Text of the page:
MONTEREY — Monterey is the cradle of California civilization.
It was the capital of Alta California under both the Spanish and Mexican flags.
It was the capital of the short-lived Bear Republic when that banner was hoisted in 1846 above the Customs House — of which a carefully restored version dominates Monterey’s Historical Plaza. And it became the capital of California as a territory after the Mexican-American War.
Given Monterey’s mellow weather one can’t help but wonder what things would be like today if after admission to the union in 1851 the state capital stayed in Monterey instead of bouncing to San Jose, and then Vallejo, and then Benicia before settling in Sacramento in 1853.
Sacramento at the time was midway between California’s biggest city — San Francisco — and the all-important Gold Country. Southern California and Los Angeles were mere backwaters at the time.
Monterey also boasted many of California firsts including the first theater, public library, public building, publicly funded school, newspaper, and printing press.
Today Monterey is an escape for many with such attractions as the Monterey Bay Aquarium, Fishermen’s Wharf, and Cannery Row where the likes of John Steinbeck toiled in the fishing industry that depleted the bay of its once dense schools of sardines, and touches such as Dennis the Menace Playground Park that’s a tribute to the comic strip’s creator Hank Ketcham.
Monterey has its share of top-notch restaurants — including a number with stunning views of the bay — and shopping opportunities.
It is also at the heart of a number of other manmade attractions.
There’s Pacific Grove next door with its oceanside park promenade and abundance of bed and breakfasts within storybook Victorian homes.
The neighbor to the south is the village of Carmel-by-the-Sea that inspired the late Thomas Kinkade, known as the “painter of light.”
Carmel’s village center is overflowing with 17th and 18th century British inspired architecture with equally quaint shops and restaurants. Be warned. Carmel is as pricey as it looks.
Then there is the world famous Pebble Beach Golf Course where 18 holes will set you back $550 per person plus a $45 per person cart fee for those that are not guests of the course hotels.
You can travel the legendary 17-Mile Drive with its stunning vistas and equally impressive homes for $10.50 per vehicle. The gate fee is reimbursed with a purchase of $35 or more at all Pebble Beach Resorts restaurants, excluding the Pebble Beach Market. It is open to the public from sunrise to sunset.
Monterey is home to the storied Monterey Jazz Festival (for info go to www.montereyjazzfestival.com) and next door to the home of one of the world’s premier car shows when it comes to rare luxury, power, and sport cars — the Pebble Beach Concours d’ Elegance (go to www.pebblebeachconcours.net for more info).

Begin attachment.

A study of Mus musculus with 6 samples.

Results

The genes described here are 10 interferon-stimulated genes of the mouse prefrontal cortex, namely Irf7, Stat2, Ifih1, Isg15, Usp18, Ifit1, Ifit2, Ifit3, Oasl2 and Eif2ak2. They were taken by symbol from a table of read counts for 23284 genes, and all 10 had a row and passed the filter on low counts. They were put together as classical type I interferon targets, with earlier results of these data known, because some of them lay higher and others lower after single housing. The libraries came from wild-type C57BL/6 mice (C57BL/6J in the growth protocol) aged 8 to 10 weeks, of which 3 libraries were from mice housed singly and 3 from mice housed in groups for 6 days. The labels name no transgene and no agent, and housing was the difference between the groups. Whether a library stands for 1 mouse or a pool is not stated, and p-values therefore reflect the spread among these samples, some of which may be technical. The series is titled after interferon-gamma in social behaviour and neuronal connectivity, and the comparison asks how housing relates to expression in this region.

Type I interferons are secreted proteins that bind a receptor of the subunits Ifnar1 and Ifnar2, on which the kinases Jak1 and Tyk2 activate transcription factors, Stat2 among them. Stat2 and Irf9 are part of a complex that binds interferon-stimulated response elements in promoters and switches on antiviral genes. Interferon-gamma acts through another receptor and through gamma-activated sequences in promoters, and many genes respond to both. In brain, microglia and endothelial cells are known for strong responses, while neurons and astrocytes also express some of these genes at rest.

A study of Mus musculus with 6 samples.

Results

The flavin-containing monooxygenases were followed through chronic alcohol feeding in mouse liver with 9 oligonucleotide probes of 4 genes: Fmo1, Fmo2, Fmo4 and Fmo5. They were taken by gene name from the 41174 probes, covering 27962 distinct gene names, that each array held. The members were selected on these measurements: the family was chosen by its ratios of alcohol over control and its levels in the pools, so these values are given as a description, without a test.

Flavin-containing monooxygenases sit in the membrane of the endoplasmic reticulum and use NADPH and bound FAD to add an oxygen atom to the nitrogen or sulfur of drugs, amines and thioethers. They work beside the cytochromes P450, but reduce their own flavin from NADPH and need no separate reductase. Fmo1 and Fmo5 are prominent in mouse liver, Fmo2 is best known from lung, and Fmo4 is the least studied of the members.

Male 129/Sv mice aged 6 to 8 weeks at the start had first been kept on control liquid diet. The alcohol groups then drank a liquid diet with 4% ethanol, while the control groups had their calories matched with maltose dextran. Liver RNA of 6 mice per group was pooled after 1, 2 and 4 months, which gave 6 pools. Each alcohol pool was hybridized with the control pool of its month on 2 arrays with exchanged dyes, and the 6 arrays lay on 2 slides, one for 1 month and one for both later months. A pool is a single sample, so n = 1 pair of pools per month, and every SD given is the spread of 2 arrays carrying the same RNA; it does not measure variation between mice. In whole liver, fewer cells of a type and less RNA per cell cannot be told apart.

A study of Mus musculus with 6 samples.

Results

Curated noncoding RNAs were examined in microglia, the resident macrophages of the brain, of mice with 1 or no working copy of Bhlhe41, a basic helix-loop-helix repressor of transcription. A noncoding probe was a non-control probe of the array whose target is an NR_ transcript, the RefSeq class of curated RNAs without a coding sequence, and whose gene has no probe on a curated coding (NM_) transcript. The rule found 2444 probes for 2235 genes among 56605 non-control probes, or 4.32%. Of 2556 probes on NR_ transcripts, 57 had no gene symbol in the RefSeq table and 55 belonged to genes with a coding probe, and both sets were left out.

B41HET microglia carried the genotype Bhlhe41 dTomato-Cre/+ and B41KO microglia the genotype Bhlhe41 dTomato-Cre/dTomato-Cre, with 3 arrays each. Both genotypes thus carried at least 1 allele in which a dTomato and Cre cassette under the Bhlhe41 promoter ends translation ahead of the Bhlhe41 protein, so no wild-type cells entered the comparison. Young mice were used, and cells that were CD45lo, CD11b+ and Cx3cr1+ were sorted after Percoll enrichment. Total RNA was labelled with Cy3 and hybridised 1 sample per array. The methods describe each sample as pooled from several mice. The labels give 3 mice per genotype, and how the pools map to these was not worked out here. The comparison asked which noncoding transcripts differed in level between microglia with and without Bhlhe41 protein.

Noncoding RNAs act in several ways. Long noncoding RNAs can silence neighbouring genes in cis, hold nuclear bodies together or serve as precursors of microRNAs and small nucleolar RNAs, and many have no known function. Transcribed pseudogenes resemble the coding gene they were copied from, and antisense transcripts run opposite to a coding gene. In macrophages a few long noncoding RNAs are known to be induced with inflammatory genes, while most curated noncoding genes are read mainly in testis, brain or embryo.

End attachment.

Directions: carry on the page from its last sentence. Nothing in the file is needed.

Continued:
You also will find the Laguna Seca Raceway now known as Mazda Raceway, where world class racers on motorcycles and in cars tackle the 2.238-mile course featuring 180 feet in elevation change and two downhill plunging corkscrew changes. This is also were the Monterey Jazz Festival is held. Race information is available at www.mazdaraceway.com.
Monterey is also home to a healthy winemaking industry. It boasts the nation’s largest vineyard — it is the third largest in the world — in the form of the 8,500-acre San Bernabe Vineyards. The vineyard has a strong 209 link as it is owned by the Manteca-based Delicato Vineyards.
Monterey is also the gateway to fabled Big Sur, its Bohemian culture, and unmatched rugged California coastline.
On the way to Big Sur is the place some call “the greatest meeting of land and sea in the world” that’s better known as Point Lobos State Reserve.
It’s a place you can whale watch without leaving dry land between December and April. It’s a year-round stopping point for orcas and is home to sea otters, harbor seals, elephant seals, and sea lions.
On land there are gray foxes, raccoons, coyotes, skunks, and nocturnal mountain lions. Sightings have been made of weasels, deer, bobcats, badgers, and rabbits.
The reserve is a bird lovers’ paradise. The long list includes California quail, American kestrel, red-tailed hawks. Anna’s hummingbird, Brandt’s cormorant, black-crowned night herons and many more.
The submerged aquatic life at Point Lobos is one of the most varied in the world. Due to its popularity you have to call ahead to make a reservation by dialing 1-831-824-8413.
There are some of the best hiking trails in Monterey County plus the Whaler’s Cabin Museum.
The biggest draw for most people is being able to explore numerous tidal pools.
There is no charge for walk-ins. The best parking — and most convenient parking — requires a $10 entrance fee.